Millennials are pessimistic and 49% would quit their job in two years

Jessica Satherley
Millennials are pessimistic and 49% would quit their job in two years

Millennials are pessimistic about the economy and sceptical of corporate motives, causing 49% of the generation to be willing to quit their current job within two years, a new study has found.

“Income inequality and the lack of social mobility are likely factors driving economic pessimism,” the 2019 Deloitte Millennial Survey found.

Both millennials and Gen Zs would potentially leave their job or not work for a company if the business didn’t make a positive impact on society. Gen Zs, born between January 1995 and December 2002, were especially vocal about not working for companies that didn’t align with their values. However, there was a correlation between those wanting to stay in their jobs if the employer was an inclusive, socially responsible company.

Millennials, born between January 1983 and December 1994, are still just as ambitious as previous generations and want to earn high salaries, despite their scepticism of traditional institutions.

Over half of both young generations said they want to be wealthy, however, 57% of millennials said that travel and seeing the world was their top priority. Just under half (49%) want to own a home, 46% want to make a positive impact in society but only 39% want to start a family and have children.

Distrust of traditional media was also prevalent among both groups and millennials expressed low opinions of political and religious leaders.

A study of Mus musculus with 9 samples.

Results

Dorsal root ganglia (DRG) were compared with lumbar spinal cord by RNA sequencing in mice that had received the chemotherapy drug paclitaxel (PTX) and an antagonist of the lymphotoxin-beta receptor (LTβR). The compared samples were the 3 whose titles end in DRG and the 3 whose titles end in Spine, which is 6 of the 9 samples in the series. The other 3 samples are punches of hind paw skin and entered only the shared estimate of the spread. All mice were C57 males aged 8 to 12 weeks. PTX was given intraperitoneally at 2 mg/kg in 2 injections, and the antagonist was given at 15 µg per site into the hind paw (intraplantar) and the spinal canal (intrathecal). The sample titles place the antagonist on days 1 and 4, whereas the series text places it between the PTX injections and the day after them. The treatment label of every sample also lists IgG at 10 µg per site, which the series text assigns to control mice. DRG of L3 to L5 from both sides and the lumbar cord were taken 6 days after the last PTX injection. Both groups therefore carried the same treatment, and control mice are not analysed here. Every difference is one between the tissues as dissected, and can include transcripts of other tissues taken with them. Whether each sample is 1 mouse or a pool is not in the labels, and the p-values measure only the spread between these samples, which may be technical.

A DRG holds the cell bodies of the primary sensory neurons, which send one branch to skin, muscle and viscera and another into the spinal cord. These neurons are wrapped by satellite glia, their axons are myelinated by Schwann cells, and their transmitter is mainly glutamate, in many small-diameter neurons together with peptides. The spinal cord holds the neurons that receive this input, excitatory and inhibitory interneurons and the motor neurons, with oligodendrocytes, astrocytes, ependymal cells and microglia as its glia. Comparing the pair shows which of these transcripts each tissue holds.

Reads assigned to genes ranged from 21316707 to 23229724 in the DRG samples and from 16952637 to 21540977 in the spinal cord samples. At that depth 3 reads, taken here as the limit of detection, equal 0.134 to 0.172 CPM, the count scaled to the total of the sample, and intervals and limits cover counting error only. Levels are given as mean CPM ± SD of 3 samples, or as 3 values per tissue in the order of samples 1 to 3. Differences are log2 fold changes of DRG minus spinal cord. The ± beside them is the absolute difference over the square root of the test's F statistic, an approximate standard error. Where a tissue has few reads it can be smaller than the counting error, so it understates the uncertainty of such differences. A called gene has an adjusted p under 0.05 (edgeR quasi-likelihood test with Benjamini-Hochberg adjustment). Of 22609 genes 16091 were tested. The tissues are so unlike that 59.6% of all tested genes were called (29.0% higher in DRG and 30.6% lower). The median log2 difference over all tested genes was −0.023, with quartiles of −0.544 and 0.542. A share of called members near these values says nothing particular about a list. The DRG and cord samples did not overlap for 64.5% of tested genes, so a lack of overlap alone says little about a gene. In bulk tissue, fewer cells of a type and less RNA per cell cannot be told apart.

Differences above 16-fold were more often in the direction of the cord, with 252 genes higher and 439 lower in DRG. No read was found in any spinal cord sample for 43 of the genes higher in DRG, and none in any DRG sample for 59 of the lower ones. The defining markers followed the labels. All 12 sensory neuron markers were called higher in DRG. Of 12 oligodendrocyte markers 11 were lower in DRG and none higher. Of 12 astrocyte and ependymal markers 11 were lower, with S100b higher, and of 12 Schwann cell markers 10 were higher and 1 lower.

When it comes to social media, although the two generations embrace technology and believe new technologies will impact their jobs, 64% of millennials said they believed they would be ‘physically healthier’ if they spent less time on online social platforms. They are also weary of cybersecurity risks and 79% are worried that they will experience online fraud and distrust the use of their personal data by corporates.

“From the economic recession a decade ago, to the Fourth Industrial Revolution, millennials and Gen Zs have grown up in a unique moment in time impacting connectivity, trust, privacy mobility and work,” Deloitte Global Chief Talent Officer, Michele Parmelee said.

“This uncertainty is reflected in their personal views on business, government, leadership and the need for positive societal change agents. As business leaders, we must continue to embrace the issues resonating most with these two generations, or risk losing out on talent in an increasingly competitive market.

“To attract and retain young employees, businesses should bolster their diversity and inclusion initiatives, find new ways to incorporate these generations into corporate societal impact programs and place a priority on reskilling and training to ensure talent is prepared for what’s ahead,” Parmelee said.

The two generations make up the majority of the world’s working population.

To build the report, Deloitte questioned 13,416 millennials across 42 countries and territories and 3,009 Gen Zs across 10 countries.